Monthly Archives: July 2018

Aural Learning vrs Photographic Memory

We all have our individual and unique ways of learning and approaches to new tasks at hand. Our preferred learning styles are the cumulative result of what we have learnt at school,and out of school – and our general approaches to learning new things.

Some of us learn better by looking at something – for example, they can easily memorize something after reading it or seeing it written down. This is often referred to as photographic memory.

Some of us learning easier by hearing something or listening to someone explain something to us – for example, by another person playing something on an instrument and then copying it with one’s own instrument.

No matter what your learning style,luckily nowadays there are suitable teaching approaches and resources to everyone. For teachers, it is important that they communicate their preferred way of learning to their one-to-one music teacher so that the teacher can adjust the lessons accordingly. Don’t be shy about stating your preferences as that way everyone gets the most of the lessons!


We live in a competitive society where exams are taken for all sorts of abilities and skills. This is true nowadays at least in most European countries. Young people grow up with competitive mentalities and under pressure to perform – this can be good; but in excess it can also be damaging.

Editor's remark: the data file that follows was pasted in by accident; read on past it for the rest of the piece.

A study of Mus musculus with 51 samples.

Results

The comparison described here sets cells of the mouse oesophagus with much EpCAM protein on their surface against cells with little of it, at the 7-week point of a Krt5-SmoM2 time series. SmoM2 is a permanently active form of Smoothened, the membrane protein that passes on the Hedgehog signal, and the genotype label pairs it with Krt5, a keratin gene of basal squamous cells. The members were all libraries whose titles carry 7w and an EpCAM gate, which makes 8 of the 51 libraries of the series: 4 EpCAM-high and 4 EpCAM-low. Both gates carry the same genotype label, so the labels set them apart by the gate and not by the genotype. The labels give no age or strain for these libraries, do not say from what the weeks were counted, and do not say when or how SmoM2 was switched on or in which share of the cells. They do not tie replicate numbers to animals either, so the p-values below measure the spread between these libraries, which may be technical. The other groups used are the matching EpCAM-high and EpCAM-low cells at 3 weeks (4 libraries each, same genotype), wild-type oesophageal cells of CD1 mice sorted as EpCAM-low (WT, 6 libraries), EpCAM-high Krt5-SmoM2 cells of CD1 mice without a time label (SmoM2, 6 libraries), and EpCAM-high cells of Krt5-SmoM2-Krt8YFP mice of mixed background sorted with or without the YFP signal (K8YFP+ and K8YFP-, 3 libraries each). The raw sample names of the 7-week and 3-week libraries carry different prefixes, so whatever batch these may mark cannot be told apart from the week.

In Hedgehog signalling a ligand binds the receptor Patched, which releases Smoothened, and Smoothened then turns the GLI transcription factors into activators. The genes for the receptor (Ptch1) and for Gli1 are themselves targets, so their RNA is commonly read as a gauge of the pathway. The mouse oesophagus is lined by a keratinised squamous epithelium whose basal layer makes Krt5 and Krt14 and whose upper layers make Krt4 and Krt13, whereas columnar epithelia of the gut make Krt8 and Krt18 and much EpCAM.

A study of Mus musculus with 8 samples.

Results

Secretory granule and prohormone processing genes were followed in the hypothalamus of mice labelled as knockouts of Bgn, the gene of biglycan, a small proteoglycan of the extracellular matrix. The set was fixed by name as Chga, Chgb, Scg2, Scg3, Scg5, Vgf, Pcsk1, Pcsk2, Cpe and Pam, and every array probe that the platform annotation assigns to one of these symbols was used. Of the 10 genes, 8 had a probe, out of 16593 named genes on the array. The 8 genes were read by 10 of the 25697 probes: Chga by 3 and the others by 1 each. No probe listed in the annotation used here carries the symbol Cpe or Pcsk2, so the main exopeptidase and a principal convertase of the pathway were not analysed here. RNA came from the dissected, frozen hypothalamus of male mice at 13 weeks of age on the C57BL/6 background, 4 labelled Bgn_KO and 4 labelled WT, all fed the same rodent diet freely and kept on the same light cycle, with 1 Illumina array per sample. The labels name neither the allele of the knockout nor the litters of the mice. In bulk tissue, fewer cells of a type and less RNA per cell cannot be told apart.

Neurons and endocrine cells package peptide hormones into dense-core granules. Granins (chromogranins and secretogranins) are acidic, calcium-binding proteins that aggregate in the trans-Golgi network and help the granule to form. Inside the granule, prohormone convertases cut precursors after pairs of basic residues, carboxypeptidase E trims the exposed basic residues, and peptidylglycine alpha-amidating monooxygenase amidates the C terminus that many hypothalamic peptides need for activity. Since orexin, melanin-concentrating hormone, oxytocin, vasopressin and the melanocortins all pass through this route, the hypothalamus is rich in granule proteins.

This mentality also applies to music education. The graded exam system for musical instruments, singing and music theory has become increasingly popular over the past years and the majority of students want to do them. This is good for getting used to performing in front of others – as well as learning the materials for the exam – and receiving proof of one’s level of ability and learning.

Yet, the exams seems to be overtaking the learning process so much (at least with some students!) that the overall learning process gets sidelined and the sole focus is on passing the exam. But what about developing your skills and ability on general level and, as a result, becoming a confident and capable performer?

I always advice students to do roughly one instrumental exam per year – I strongly feel that everyone needs a fairly good amount of time for developing their overall musicianship abilities and becoming confident and capable musicians. This makes getting ready for the exams so much easier as well – you don’t feel like you are having to learn something very hard but rather you feel that you are at the right level for learning the exam material. What I have witnessed many times is that students just want to pass the exams and so just focus on the exam materials, but then they struggle as they are not yet at high enough level to learn the materials well.

As a teacher, I feel that I need to guide them in not just focussing on exams, but also their overall musicianship skills and, most importantly of all, their enjoyment of playing a musical instrument as well as providing them with a creative outlet.

Here is to enjoying learning to play music and not to stressing over exams!